With all the divisive battles and partisan bickering in Washington, here is something positive that all the major stakeholders agree on: S. 820 will improve the treatment of egg-laying hens, and provide a stable and secure future for egg farmers. That’s why the bill is supported by animal welfare groups, the egg industry, veterinarians, and consumers.
Most egg-laying hens are currently crammed into such small cages that they can barely move an inch for their entire lives. This legislation will require larger enriched colony cages which provide each hen with about twice as much space, as well as nesting areas, perches and scratch pads so they can engage in more natural behaviors. It will also ban inhumane practices such as forced starvation molting, and require labels on egg cartons so consumers have more information about the conditions in which hens were raised.
Egg producers would have an ample phase-in period to transition to new housing systems, much of which can be done in the normal process of replacing aged equipment, and they would have a single national standard and a level playing field rather than the current patchwork of conflicting state laws.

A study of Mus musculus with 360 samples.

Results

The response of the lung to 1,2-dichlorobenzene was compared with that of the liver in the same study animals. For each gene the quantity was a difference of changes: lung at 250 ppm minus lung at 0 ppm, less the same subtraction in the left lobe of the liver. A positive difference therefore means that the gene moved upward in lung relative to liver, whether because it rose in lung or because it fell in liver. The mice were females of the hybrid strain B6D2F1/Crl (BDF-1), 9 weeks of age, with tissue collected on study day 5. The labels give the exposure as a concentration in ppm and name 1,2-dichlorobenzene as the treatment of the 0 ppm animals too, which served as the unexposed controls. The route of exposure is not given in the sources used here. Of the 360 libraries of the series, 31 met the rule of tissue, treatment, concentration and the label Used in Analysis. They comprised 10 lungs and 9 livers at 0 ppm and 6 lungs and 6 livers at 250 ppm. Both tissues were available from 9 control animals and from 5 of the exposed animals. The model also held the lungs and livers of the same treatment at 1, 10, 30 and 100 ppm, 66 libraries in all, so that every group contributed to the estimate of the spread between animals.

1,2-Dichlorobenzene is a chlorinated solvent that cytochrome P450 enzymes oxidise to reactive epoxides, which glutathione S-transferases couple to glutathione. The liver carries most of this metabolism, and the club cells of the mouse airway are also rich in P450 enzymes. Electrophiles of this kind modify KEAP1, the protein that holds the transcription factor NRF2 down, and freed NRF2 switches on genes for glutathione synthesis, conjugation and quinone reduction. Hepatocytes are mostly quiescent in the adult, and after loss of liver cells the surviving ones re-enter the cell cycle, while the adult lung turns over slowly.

And consumers will barely notice the difference in egg prices, since a recent economic study found that the changes would result in less than 2 cents more per dozen eggs, and only years into the future, much less than the normal fluctuations in the egg market due to energy, feed, and other costs.
This legislation is a win-win for all parties involved, and you don’t see that very often in Washington. Sen. Max Baucus serves on the Senate Agriculture Committee, and he should support this bill, which is good for the egg industry, good for the economy, good for jobs and good for animals.